We call these bees "Sugarbag"; however, they are better described as Australia's stingless, social honeybees.
Stingless, honey-producing bees living in social colonies with a queen, drones and thousands of workers.
Trigona carbonaria hockingsi Cockerell, T.D.A. 1929. Bees from the Australian region. American Museum Novitates 346: 1–18 .
Type data: Syntype(s) workers (number of specimens unknown, a specimen is labelled 'type' and has the registration number Hy/3722), Cape York, QLD.
In T. carbonaria, T. hockingsi and T. mellipes the side of the thorax is evenly covered with fine hair. This distinguishes them from T. clypearis and T. sapiens, in which part of the side of the thorax is shiny and sparsely haired.
Except for the body size (T. hockingsi larger) and distribution differences, there is no distinct character to separate T. carbonaria, T. hockingsi and T. mellipes.
They have similar colouration, pilosity and male terminalia.
However, the nest architecture is fundamental to the distinction between T. carbonaria, T. hockingsi and T. mellipes.
In T. carbonaria, the brood cells form a complete horizontal spiral comb. Normally there is no external entrance tunnel.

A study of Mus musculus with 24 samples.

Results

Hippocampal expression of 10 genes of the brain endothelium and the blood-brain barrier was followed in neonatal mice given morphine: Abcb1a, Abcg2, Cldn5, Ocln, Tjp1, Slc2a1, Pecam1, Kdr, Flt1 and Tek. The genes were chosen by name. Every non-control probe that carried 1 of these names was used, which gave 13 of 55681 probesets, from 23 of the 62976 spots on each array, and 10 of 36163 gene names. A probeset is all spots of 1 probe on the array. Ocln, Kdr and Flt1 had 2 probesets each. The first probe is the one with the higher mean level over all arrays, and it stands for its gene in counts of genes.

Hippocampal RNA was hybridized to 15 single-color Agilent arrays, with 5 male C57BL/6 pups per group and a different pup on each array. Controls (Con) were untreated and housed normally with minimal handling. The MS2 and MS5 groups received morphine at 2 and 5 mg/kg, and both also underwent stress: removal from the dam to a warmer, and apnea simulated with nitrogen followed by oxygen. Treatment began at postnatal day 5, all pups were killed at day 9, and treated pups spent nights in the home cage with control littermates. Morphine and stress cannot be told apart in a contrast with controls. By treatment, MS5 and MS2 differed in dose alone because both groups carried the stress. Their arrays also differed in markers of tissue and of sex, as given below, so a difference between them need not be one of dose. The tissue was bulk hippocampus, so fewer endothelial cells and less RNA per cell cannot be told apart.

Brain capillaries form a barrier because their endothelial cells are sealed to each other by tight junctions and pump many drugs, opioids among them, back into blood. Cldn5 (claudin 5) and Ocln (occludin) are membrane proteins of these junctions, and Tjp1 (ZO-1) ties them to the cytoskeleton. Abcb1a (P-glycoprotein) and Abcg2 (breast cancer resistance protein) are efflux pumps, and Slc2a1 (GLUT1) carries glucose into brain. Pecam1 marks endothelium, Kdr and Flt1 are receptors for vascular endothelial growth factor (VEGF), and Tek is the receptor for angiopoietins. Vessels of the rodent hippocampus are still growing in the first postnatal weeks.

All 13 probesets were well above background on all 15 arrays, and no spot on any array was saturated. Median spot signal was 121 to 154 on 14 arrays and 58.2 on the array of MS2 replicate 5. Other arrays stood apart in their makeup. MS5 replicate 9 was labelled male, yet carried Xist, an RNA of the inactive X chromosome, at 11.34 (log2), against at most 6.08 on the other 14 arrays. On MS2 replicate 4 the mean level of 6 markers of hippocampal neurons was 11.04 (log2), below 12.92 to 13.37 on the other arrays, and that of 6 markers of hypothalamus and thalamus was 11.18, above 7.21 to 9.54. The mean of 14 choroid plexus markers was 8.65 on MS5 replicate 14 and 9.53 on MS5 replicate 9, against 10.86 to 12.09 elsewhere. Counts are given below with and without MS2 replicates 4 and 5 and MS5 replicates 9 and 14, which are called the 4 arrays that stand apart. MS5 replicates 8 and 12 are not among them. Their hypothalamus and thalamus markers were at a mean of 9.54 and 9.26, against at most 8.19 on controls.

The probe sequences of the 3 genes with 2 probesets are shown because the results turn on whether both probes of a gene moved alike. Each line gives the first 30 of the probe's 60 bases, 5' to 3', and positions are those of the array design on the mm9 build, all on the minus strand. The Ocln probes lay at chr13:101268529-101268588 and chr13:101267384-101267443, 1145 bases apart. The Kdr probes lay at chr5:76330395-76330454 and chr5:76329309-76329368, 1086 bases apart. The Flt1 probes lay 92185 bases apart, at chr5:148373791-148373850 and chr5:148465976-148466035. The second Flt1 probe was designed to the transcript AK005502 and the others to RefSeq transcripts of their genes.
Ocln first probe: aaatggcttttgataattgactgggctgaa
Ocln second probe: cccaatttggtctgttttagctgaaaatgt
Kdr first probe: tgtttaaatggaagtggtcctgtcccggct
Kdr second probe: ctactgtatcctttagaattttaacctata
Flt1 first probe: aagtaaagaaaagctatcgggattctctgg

In T. hockingsi, the brood cells form small irregular horizontal combs. Normally there is no external entrance tunnel.
In T. mellipes, the brood cells form small irregular horizontal combs. Most nests do possess an external entrance tunnel.
Trigona hockingsi occurs in parts of NT and in northern QLD whereas T. carbonaria mainly occurs in southern QLD and in NSW. T. mellipes occurs in NT and WA.
Trigona hockingsi is diagnosed by:
- Female worker body colour jet black
- Female worker measurements= body: 4.1-4.5mm; Wing (including tegula): 4.4-4.7mm
- Mesopleuron and metapleuron densely and evenly covered with fine, short hair
- Malar space hirsute and relatively long
- Mesoscutum without distinct glabrous bands
- Male drone body colour similar to worker
- Male measurements= body 4.0-4.4mm; wing (including tegula): 4.5-4.7mm)
- Male hind tibia wide and flatter apically as in T. clypearis
- Male last tergum apically rounded not beaked
Anne Dollin (pers. comm. May 2009) wrote the nesting notes.
Dollin, A.E., Dollin, L.J. & Sakagami, S.F. 1997. Australian stingless bees of the genus Trigona (Hymenoptera: Apidae). Invertebrate Taxonomy 11: 861–896
Note: The classification used here follows Michener 2007 (The Bees of the World, Second edition The John Hopkins University Press).
Rasmussen, C. and S. Cameron (2007) (A molecular phylogeny of the Old Wiorld stingless bees (Hymenoptera: Apidae: Meliponini) and the non-monophyly of the large genus Trigona. Systematic Entomology 32: 26-39) suggested that Australian species in the genus Trigona be moved into the genus Tetragonula.